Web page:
Jamie McMurray doesn't want to see NASCAR morph into WWF.
But McMurray thinks the fines NASCAR levied this week on fellow Sprint Cup drivers Casey Mears and Marcus Ambrose for exchanging punches after Saturday night's race at Richmond were excessive.
Ambrose was fined $25,000 and Mears $15,000. Both were placed on probation through May 28. Wasn't it just a few years ago that NASCAR issued a dictum, telling the drivers "to have at it"?
"I hoped that NASCAR would just let that go," McMurray said of the Mears-Ambrose skirmish. "They have preached to all of us that they want us to be who we are, and I think it's good that you have some characters in the sport.
"Everyone has a moment that they're extremely upset, but . . . I think you can count on one hand the guys that would actually throw a punch."
McMurray, who is from Joplin, Mo., is building a house near Charlotte, N.C., and when he arrived at the construction site, that's all the workers were asking him about.
"I think it's great," McMurray said. "I don't want to see anyone get punched, but . . . how many years ago has it been since someone actually punched someone? It's got everyone talking about the sport, and I think it's good you see those guys' passion.
"Casey was so mad when you look in that video there and kind of pushing Marcos. I don't know, I was really hoping that NASCAR was going to let it go or that the fines would be less because that's huge . . . $25,000 is massive. You won't see it happen again because I think people will think about that and be like, 'It's not worth $25,000 for me to express exactly how I feel at this time.' "
Certainly there have been times in McMurray's 13-year Sprint Cup career when he thought about throwing a punch but held back.
"There's probably been times, yeah, when I wanted to do that," said McMurray, 37. "It's been a long time since I've had that kind of anger inside of me. If it was happening every week, I think it would be different, but if they hadn't fined those guys, I don't think it would have happened again for a long time. There's maybe five guys who are willing to do that, and it takes both those guys getting together on the same night and being extremely upset before it would happen.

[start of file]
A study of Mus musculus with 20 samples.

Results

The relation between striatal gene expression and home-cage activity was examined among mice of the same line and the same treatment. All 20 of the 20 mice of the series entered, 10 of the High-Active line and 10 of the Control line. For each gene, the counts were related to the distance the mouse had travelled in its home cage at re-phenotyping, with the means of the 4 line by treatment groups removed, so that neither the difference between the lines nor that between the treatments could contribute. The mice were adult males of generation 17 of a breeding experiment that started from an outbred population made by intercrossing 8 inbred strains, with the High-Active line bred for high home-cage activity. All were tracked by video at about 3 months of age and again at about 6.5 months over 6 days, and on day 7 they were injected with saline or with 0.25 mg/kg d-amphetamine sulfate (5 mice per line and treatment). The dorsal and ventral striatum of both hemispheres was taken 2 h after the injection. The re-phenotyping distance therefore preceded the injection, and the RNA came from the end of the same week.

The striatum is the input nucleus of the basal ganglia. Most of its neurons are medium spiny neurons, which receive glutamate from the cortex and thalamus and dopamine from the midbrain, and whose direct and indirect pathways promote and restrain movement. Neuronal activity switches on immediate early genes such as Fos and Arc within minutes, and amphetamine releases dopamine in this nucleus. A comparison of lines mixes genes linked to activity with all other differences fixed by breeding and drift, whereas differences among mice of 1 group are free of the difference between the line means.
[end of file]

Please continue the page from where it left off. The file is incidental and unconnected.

McMurray is not sure Mears had any intention of throwing a punch when he confronted Ambrose.
"Casey went over there and was wanting to get his point across," McMurray said. "I don't think he had any . . . when he got hit, you could tell he was like, 'I can't believe I just got punched.' . . . I don't think anyone had that mind-set going into it."
McMurray, who finished 13th at Richmond International Speedway, enters Sunday's Aaron's 499 at Talladega Superspeedway 19th in the points standings but could stake a claim in the new Chase for the Sprint Cup format with a victory at a track where he won last October and in the fall of 2009.
The victory last year was especially meaningful because it was the first time McMurray enjoyed a Victory Lane celebration with his two children, Carter, 3, and Hazel, 1.
"I've seen pictures for years of Jeff Gordon and Matt Kenseth and all the guys that I've been friends with, had pictures with their families in Victory Lane," McMurray said, "and it was just a really special day. That was a great picture, one that I'll always cherish."